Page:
The Australian dollar retreated as policymakers reminded markets of the risk of rate cuts, nudging bond yields lower.
The Aussie dollar slipped 0.4 per cent to 71.46 US cents and away from a six-week peak of 71.93, hit last Friday in the wake of solid Chinese data.
Australia’s central bank believes a cut in interest rates would be “appropriate” should inflation stay low and unemployment trend higher, though there was no strong case for a move in the near term.
Minutes of its April board meeting, released on Tuesday, showed Reserve Bank of Australia policymakers acknowledged the economic effect of ever lower rates could be smaller than in the past, given high household debt and crumbling property prices.
Yet easing would still have some stimulative effect, in part by causing a likely decline in the Aussie.
With other central banks around the world turning dovish in recent months, the RBA has come under pressure to follow, simply to stop its currency from rising and hurting exports.
The RBA’s board also agreed that a hike in rates anytime soon would be unlikely given inflation remained so subdued. Consumer prices for the March quarter are due next week and could well show the inflation rate slowed further.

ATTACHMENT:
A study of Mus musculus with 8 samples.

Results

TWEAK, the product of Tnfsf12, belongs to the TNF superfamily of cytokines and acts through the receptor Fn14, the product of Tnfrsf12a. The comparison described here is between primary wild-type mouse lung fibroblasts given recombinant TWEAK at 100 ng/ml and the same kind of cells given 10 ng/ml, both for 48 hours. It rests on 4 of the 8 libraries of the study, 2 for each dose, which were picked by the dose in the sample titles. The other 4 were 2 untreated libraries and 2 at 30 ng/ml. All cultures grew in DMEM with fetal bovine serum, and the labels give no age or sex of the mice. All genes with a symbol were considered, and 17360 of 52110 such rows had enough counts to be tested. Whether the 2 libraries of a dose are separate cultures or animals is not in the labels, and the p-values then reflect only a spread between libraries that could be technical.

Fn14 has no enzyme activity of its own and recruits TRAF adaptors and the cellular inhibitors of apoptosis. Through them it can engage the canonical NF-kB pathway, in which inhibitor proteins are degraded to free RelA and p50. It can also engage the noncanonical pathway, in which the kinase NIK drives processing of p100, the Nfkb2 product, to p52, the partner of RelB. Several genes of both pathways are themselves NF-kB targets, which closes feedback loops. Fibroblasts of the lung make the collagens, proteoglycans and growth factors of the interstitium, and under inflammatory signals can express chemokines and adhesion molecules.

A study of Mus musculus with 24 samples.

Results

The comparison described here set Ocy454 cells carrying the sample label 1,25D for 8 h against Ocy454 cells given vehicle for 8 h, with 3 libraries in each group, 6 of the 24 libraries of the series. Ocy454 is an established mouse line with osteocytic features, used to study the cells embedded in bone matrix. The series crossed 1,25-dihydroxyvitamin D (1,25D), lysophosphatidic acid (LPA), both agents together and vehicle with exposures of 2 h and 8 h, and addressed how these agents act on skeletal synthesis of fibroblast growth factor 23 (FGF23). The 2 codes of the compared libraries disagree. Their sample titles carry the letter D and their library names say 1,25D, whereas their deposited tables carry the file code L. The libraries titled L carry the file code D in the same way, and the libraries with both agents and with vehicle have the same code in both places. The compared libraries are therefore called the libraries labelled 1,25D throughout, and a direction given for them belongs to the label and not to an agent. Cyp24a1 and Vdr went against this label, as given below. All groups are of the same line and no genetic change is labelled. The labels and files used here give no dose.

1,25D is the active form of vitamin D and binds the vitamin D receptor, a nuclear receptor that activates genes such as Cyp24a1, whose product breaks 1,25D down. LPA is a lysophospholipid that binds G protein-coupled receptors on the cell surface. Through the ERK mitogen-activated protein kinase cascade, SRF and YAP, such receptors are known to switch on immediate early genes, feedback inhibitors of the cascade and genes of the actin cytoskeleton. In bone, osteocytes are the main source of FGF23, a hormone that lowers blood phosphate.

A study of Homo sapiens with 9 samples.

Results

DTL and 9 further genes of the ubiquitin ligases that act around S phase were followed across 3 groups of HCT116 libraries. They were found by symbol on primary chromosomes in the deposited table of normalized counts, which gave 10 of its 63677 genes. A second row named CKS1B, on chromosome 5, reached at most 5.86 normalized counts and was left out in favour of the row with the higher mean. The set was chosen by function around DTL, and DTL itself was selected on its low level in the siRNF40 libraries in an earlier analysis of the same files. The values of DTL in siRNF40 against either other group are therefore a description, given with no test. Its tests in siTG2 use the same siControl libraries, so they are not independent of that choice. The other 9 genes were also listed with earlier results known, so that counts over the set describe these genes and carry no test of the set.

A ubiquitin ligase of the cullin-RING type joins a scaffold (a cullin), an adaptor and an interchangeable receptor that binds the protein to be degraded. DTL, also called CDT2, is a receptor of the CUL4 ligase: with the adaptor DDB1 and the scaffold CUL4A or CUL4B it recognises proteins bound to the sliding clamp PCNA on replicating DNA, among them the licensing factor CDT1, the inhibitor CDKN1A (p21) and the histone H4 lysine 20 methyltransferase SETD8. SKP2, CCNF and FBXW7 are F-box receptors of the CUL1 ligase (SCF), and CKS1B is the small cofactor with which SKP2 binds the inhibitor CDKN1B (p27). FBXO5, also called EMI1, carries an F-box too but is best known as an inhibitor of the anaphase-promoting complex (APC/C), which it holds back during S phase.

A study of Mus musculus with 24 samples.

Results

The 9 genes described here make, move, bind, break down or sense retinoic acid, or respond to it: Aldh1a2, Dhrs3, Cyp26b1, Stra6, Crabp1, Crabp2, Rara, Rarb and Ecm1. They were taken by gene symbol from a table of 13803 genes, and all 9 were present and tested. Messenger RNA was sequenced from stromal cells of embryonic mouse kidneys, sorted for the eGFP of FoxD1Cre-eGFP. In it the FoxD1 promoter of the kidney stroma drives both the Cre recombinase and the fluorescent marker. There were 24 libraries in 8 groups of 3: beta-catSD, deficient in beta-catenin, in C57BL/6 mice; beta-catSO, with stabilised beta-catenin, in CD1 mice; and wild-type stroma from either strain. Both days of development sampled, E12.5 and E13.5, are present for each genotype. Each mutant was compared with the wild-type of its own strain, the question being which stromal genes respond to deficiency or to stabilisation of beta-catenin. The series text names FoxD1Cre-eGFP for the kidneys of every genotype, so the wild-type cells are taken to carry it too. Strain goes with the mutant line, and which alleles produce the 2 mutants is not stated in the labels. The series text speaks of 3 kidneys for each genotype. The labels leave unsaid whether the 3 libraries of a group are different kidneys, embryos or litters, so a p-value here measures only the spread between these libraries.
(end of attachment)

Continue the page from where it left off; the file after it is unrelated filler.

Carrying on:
“A modest disinflationary pulse looks likely in early 2019,” said Su-Lin Ong, heads of Australian fixed income strategy at RBC Capital Markets.
“We think that the RBA’s pain threshold for the unemployment rate that will trigger rate cuts is 5.25-5.5 per cent.”
The jobless rate surprised in February by dipping to an eight-year low of 4.9 pe rcent, but median forecasts are for a rise to 5.0 per cent in March.
The data is due out on Thursday and will be a major event for markets.
“The RBA reminded us that rate cuts still work even with some challenges,” added Ong.
“As was the case in 2015 and 2016, the onus will be on the data to push the Bank to cut.”
Investors have been wagering on an easing for a while and futures are full priced for a quarter-point reduction by October, with July around a 50-50 shot.
Australian government bond futures rose, with the three-year bond contract up three ticks at 98.575.
The 10-year contract firmed 2.5 ticks to 98.0650.